Block on Trump's Asylum Ban Upheld by Supreme Court
Civil litigators know that asking a question during a trial that you don't know the answer to is a big risk, even when it's your own witness.
A civil trial is not the time to be exploring new testimony. Discovery's done. Trial is about presenting the evidence you discovered via interrogatories, document requests, and of course, during depositions.
To win at trial, you need to present exact and specific evidence that addresses the elements of your legal arguments. To do that, you need to know the answers that every witness will provide to the questions you ask. Also, you need to be able to show the court that when you don't get the answer you expected, it's because the witness made an inconsistent statement. That means you need to be ready, at a deposition, to ask pretty much every question you're going to ask a witness at trial.
If you haven't asked the right questions at deposition, you're risking not getting the right testimony at trial. Plain and simple. But, if you have asked the right questions at deposition, your adversaries will be able to evaluate their probability of losing better, and you might not have to go to trial at all. But mastering the deposition isn't going to happen via wishful thinking, it takes training. And fortunately for California litigators, The Rutter Group has an upcoming deposition training for both new and experienced attorneys. (Disclosure: The Rutter Group is FindLaw's sister company.)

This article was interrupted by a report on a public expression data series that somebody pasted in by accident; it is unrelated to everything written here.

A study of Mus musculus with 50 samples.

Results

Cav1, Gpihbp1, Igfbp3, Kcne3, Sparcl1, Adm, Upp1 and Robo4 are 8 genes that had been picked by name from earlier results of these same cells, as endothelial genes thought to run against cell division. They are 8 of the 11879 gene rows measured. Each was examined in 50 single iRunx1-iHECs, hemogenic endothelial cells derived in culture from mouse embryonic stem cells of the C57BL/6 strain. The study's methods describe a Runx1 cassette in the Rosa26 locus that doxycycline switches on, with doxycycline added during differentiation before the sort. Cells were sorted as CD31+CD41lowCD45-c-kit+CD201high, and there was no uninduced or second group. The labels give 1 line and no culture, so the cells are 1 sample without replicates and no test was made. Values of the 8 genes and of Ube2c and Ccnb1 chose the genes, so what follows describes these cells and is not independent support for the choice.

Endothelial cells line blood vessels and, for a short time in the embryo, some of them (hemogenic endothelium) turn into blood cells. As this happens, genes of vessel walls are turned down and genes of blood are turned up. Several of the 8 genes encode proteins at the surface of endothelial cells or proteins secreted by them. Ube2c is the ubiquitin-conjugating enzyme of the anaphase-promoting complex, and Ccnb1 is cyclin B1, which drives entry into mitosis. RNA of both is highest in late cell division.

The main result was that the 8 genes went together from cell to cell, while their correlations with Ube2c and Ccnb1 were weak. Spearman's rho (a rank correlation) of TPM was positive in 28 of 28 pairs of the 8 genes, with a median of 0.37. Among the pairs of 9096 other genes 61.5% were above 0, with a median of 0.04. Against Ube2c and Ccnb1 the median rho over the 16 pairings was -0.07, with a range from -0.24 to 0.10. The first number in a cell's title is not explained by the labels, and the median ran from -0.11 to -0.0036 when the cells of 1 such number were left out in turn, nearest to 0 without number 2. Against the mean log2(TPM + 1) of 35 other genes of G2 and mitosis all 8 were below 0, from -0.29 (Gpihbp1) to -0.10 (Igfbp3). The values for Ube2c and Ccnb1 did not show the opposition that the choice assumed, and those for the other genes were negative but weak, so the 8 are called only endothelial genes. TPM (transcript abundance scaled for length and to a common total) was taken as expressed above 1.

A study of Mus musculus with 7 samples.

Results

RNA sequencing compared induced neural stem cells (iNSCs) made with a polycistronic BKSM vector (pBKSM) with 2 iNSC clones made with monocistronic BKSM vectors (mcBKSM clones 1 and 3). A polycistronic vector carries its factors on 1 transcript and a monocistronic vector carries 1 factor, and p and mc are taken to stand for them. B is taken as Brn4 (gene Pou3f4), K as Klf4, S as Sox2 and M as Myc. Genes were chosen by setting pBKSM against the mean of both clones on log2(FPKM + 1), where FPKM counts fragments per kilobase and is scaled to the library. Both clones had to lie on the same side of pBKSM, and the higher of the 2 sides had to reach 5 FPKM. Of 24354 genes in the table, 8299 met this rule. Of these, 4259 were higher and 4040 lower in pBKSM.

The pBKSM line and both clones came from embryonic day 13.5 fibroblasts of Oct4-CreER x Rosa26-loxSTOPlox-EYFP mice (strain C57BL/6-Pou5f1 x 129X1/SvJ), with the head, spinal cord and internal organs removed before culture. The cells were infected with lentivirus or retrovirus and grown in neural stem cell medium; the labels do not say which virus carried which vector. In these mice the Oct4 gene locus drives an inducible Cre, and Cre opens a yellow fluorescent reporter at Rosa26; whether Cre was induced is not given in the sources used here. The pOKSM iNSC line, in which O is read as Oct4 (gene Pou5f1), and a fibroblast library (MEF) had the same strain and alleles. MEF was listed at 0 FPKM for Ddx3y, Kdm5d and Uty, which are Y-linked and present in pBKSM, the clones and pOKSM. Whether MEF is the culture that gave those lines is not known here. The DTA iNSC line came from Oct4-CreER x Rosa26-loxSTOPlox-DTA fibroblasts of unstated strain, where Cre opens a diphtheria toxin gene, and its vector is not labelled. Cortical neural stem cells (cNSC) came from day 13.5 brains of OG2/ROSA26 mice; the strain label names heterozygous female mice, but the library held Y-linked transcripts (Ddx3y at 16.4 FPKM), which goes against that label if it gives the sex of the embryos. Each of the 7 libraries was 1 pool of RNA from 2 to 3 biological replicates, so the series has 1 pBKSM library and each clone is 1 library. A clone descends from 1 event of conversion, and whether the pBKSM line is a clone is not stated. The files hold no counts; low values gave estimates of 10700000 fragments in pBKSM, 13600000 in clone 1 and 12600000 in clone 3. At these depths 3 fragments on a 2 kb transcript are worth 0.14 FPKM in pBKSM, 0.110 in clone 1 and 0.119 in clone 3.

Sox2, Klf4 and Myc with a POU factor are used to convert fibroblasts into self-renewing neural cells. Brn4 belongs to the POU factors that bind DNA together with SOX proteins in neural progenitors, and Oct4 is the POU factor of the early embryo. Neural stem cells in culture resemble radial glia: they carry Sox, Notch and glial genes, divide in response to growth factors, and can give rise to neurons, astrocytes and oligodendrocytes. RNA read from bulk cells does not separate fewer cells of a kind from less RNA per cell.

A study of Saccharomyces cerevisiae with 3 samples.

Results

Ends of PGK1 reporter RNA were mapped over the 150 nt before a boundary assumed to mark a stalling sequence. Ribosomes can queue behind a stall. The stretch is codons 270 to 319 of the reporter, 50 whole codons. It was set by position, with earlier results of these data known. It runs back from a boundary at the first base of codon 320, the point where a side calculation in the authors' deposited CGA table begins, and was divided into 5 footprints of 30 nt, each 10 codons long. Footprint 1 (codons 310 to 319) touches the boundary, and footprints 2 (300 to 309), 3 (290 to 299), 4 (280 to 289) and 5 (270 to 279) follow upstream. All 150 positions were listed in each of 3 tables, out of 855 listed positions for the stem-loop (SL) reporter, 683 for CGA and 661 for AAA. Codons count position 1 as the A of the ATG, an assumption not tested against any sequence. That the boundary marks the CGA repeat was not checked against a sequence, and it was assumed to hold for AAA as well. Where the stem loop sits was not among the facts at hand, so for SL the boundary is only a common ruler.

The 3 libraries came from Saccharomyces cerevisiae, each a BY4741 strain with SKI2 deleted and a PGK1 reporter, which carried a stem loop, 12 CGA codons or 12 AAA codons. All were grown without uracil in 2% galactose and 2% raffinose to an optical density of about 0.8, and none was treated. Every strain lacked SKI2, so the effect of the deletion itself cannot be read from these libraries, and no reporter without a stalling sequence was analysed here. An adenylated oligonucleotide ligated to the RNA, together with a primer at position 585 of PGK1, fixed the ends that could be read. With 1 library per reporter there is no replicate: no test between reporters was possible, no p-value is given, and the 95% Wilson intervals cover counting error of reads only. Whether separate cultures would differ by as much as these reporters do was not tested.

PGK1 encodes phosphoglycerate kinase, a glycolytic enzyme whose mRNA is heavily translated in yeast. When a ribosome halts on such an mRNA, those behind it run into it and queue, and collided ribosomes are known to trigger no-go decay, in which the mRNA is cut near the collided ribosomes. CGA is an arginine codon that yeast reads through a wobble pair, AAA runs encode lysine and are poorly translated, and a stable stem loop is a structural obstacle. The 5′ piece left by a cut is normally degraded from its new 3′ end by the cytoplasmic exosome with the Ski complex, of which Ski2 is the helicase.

The Rutter Group's upcoming continuing legal education program, The Art of the Deposition: Mastering Questioning and Listening Techniques, will teach and help you to refine your core skills on how to prepare for and conduct depositions, and more. At the CLE, you'll learn how to use the same tactics that investigative reporters use to elicit specific information, as well as how to use active listening to develop your line of questioning.
Attorney Michael D. Stein will be presenting The Rutter Group program in Los Angeles/Universal City on March 20 and in San Francisco on March 7, 2018. The evening seminar starts at 6:00 pm, and provides attendees with 2.5 general CLE credits and 0.5 ethics credits. The cost is only $160. And as a bonus for registering, attendees can purchase select, related The Rutter Group titles at steep discounts.